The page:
I've read this by William Carlos Williams several times, with growing assimilation of its importance. One more of his books that pushed poetry-as-genre around. I did not initially realize how important I thought history was, how much history made sense in the realm of Poetry. Olson drew me into the proposition, and of course Pound. Williams, here, divines a sort of folk expression in his reading of history.
This is an almost unexpected book for me: poet looking at history in a sort of down forest, beguiled, and workmanlike way. It is critical but also poetically rendered. Not scholarly insofar as he cites few sources , and he invests the subjects as solipsistic characters. Yet Pound spoke of epics as poems with history. Williams sees America (the continents) as epic.
Williams grasps the (mostly) familiar highlights and pulls them up to, you know, see the roots. The approach seems somewhat like D H Lawrence's Studies in American Literature. It's an amateur's approach. Enthusiastic but hors de l'ecole. Both books bear the rambunctious of people finding their own path.
Williams takes to soliloquy much of the way, which gives the work a poetic span. He keeps a firm eye on things, and stays free of Whitmanesque cant. At the same time, the soliloquizing asserts that it won't be following the cardinal rules of historical research. Williams is not trying to be definitive, in the sense of one bell tone of agreement. He is choosing angles from which to look.
With Columbus, he provides what was for the time (less so now) a rare wait a sec. I grew up long after this was writ, yet the Columbus I knew discovered America on a merry holiday in October. There arose no question about what that meant. I heard no accounting of people slaughtered in the vested interest of the usual perps. He was served up strictly as Hero.
I know in social studies or whatever the classes were called, we learned about Cortez, Pissarro, and the others who came for glory. They were offered more as discovers and explorers (which they were), rather than conquerors (which also they were).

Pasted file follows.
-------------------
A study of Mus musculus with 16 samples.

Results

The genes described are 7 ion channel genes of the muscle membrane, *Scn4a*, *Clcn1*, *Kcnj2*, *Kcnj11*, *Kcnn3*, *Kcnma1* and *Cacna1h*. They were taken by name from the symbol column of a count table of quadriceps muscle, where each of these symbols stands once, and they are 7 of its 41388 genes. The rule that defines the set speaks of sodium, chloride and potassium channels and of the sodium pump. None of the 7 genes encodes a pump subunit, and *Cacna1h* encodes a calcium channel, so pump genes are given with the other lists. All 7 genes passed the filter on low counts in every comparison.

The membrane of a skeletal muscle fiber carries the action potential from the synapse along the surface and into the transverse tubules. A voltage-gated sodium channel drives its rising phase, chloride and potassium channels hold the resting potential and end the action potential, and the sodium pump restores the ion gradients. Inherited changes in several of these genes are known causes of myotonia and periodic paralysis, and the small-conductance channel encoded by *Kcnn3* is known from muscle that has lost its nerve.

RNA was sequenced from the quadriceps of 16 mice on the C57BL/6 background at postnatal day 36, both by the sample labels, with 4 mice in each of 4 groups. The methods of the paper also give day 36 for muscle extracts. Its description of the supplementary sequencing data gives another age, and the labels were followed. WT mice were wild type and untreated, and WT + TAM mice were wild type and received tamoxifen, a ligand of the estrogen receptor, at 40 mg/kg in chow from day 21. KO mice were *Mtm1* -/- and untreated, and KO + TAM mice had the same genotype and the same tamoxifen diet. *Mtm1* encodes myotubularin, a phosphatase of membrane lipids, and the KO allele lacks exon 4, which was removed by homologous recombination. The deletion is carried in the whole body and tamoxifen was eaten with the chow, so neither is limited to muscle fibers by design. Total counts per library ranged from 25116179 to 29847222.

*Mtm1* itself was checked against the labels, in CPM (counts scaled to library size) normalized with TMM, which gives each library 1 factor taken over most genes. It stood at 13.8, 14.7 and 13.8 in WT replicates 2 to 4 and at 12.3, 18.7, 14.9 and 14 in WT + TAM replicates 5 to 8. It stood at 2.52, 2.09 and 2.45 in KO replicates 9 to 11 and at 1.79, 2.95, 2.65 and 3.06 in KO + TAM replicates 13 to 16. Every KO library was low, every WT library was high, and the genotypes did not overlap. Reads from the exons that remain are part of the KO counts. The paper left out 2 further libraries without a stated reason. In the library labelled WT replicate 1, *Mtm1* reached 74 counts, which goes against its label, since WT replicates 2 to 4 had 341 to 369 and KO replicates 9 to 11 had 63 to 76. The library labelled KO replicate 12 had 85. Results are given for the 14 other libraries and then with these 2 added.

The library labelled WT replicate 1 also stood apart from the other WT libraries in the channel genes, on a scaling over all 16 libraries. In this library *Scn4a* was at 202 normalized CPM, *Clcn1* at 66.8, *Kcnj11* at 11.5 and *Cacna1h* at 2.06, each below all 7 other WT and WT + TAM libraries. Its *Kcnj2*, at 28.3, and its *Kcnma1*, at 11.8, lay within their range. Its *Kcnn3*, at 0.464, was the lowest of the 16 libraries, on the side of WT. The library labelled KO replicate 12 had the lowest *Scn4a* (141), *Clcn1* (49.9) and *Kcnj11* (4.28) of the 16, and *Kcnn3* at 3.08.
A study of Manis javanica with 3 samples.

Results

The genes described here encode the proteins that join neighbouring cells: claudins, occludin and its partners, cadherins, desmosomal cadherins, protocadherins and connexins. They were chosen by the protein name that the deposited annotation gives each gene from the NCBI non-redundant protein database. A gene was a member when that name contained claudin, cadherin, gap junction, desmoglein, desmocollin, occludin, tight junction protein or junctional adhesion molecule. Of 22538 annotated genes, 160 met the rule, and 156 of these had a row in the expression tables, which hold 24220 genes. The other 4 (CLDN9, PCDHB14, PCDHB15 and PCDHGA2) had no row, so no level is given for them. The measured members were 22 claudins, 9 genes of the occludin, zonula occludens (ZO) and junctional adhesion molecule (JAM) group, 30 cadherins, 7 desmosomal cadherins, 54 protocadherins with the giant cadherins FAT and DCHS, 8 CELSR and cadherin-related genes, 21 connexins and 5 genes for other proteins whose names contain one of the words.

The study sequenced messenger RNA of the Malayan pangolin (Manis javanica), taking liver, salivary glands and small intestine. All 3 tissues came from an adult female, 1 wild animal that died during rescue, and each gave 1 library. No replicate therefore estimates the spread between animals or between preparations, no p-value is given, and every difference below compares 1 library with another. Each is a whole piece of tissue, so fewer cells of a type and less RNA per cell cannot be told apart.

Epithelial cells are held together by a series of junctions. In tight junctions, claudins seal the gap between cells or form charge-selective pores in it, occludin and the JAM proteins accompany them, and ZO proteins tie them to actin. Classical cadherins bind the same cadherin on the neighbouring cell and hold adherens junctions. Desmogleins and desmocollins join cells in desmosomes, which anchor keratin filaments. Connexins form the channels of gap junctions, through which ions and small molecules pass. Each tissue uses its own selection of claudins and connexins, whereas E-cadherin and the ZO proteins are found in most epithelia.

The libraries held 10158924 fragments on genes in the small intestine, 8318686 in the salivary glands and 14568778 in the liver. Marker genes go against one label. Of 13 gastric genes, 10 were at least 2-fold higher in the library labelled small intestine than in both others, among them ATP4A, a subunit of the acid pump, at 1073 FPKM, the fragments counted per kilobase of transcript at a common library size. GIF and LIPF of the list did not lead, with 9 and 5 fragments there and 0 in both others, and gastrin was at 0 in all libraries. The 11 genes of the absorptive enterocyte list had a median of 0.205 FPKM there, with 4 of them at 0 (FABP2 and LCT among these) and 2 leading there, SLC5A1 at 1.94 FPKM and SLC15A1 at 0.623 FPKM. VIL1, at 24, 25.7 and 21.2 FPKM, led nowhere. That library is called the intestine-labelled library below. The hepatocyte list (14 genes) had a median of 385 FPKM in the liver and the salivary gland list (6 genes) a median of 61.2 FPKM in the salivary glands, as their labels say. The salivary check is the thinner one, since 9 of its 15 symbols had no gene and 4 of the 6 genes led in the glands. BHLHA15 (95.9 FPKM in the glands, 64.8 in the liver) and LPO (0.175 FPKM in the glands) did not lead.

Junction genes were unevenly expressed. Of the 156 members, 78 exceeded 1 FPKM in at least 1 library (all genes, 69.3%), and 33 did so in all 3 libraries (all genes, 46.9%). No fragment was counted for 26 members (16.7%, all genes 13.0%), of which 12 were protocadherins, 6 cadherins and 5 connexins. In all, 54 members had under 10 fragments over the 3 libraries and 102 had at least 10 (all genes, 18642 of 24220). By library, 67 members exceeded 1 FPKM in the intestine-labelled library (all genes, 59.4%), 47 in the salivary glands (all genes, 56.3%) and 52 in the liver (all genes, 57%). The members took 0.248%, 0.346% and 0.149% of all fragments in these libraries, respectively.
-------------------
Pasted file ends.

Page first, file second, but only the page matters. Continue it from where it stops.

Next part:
It was almost Hall of Fame material: Cortez (Ty Cobb, the bastard) beat the Aztecs, Pissarro (Rogers Hornsby) outpointed the Incas, Balboa (Jackie Robinson) first saw the Pacific, etc. The incredible slaughter and wrenching hardly made it thru the code, as taught. Williams wants to peek under the code.
Williams puts emphasis on the Conquistadors, with Cortez, de Soto, de Leon itemized in gross urging. Raleigh appears in grandiose reaching, yet held at bay in the connivance of Elizabethan will. Williams' intent along and thru out is to avoid or outlast the hero's plea. Nothing here like Whitman’s yawp.
Recently reading Hawthorne, Melville, and Poe, I noticed how they held history. Especially with Hawthorne, the settings seem both primordial and close at hand. Time had impact. This New World was busy inventing and reinventing itself. Williams, here, is reading that effort and those changes.
Seems like you can place this with Stein's grand American experiments. Each is a determined effort to make sense out of all the documents, declarations, exclamations, diatribes, darting humilities and humiliations that contrive this country, this land, this place. I mean, that's a poetic project to assert.